Help!!

I have a Big Boy tomato plant that is almost five feet tall and modestly bearing average sized tomatoes that begin to rot as they turn color! I'm at a complete loss at what to do.

I have a cherry tomato plant about four feet away that is doing wonderfully so I doubt the problem has anything to do with the soil but it doesn't rule it out.

Any ideas?

Blessings,
Roberta

by Danno on June 21, 2006 09:28 AM
by chance can you snap a picture? To me it sounds like blossom end rot, which is a deficiency of needed minerals, or brought on by uneven watering (too much here and there or too long in between watering)

I use Espoma brand fertilizer for my whole garden. its a great source for the needed minerals plants need, and if you look close enuff at any of the other (miracle gro for example) fertilizers, they lack calcium. . . . which is the biggest thing people talk about Blossom End Rot. The plant is more than likely fine if its BER, but you cant eat the food they yeild. pitch them and NOT into the compost pile [Smile] Good luck and post a few pics if u can.
by Longy on June 21, 2006 12:26 PM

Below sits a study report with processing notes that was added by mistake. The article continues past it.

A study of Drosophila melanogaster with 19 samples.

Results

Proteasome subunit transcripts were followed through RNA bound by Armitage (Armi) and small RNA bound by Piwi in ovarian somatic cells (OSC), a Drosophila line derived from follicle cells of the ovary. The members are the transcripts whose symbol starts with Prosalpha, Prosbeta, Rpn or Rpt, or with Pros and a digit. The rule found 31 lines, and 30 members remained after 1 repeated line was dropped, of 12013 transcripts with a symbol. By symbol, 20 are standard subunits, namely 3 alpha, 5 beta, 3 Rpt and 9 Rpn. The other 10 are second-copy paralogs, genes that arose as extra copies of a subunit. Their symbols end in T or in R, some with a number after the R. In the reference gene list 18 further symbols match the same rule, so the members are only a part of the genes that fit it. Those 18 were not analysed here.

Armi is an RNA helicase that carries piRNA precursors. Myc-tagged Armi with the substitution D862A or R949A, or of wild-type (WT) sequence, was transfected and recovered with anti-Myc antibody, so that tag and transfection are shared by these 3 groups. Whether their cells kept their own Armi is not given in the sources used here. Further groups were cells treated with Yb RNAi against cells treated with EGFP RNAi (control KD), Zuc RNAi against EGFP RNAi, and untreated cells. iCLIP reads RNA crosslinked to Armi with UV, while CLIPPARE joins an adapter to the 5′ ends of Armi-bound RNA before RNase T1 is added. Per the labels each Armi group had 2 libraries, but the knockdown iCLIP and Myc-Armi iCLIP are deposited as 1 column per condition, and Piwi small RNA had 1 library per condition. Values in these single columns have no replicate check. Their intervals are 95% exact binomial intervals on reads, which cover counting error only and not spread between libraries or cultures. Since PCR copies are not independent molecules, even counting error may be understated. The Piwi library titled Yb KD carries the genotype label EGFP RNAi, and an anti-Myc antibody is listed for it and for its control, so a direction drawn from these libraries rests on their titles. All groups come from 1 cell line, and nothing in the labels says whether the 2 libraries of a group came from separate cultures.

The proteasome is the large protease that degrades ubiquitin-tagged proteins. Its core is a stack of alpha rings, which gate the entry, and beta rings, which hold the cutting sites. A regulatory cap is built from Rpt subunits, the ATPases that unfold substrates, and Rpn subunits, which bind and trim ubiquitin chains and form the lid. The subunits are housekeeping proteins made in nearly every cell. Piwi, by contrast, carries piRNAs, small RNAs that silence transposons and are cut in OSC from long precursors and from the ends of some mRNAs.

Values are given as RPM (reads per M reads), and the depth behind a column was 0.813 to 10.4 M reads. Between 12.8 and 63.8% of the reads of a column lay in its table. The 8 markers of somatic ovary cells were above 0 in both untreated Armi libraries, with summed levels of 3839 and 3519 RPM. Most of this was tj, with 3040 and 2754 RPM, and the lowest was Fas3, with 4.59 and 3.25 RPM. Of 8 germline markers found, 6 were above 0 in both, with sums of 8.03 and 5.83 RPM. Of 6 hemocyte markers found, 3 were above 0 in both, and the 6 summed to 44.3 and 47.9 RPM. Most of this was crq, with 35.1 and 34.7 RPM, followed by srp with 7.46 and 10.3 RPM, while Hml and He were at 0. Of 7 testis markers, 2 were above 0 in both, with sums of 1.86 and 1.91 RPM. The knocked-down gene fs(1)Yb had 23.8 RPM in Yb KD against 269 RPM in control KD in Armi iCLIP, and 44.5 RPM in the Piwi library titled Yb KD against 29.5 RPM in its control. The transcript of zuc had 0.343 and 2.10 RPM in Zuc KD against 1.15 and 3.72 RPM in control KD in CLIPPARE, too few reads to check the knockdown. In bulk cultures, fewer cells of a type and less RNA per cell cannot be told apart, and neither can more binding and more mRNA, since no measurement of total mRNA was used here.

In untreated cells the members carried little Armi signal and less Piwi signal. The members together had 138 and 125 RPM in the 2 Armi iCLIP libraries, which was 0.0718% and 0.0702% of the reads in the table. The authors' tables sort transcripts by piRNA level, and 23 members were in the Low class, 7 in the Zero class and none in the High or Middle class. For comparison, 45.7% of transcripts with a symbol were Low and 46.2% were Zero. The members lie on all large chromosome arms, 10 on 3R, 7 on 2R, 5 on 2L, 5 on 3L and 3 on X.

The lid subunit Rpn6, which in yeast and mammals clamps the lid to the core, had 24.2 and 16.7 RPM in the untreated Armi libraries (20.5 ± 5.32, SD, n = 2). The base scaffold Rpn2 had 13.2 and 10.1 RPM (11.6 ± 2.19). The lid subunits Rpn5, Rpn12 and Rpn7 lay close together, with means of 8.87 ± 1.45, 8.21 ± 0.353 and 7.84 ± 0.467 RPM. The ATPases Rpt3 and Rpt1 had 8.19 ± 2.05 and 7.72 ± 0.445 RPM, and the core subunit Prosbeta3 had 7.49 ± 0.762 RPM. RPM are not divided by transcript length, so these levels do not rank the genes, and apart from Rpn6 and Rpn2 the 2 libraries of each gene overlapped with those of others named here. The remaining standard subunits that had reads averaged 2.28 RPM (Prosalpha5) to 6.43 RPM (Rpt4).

I dunno Danno, rotting and BER seem a bit different to me. Do you have fruit fly where you are RSP0720?
Here's a site which talks about Mexican fruitfly.

The fly 'stings' the fruit, laying larvae inside, and as the fruit ripens they are eating it out. It will be rotten upon ripening.
Have a really close look at the pulp of the fruit and see if there are maggots inside. They may be very small, under 1/16th ".
It could be other things too, so a pic or more info would be helpful.

by JV on June 21, 2006 06:58 PM
RSP0720 I agree with Longy had problems two years back with Mexican fruit flies. Don't remember how I got rid of them will have to go back and see if I wrote down anything on it. We have that bad here in DFW area about every 4 years for some reason.

Well, if it is fruit fly, there are so many suggested control methods it'll make your head spin. From systemic poisons to putting your developing fruit in bags and using bait stations. It's all very complex.
My preferred and proven method is to go to the camping store and buy a mosquito net for a double bed and put it over your tommies. Works for me.
You'll need to remove stung fruit and always pickup fallen fruit and dispose of it. The maggots when finished with the fruit, will tunnel into the soil and develop into adults and the cycle will repeat.
Put damaged fruit in a plastic bag and leave in the sun for a few days then compost or dispose of.
See. I told you it gets complex.

by johnCT on June 22, 2006 01:46 AM
I agree with Danno. Most likely BER just described as "rotting". What are your watering habits?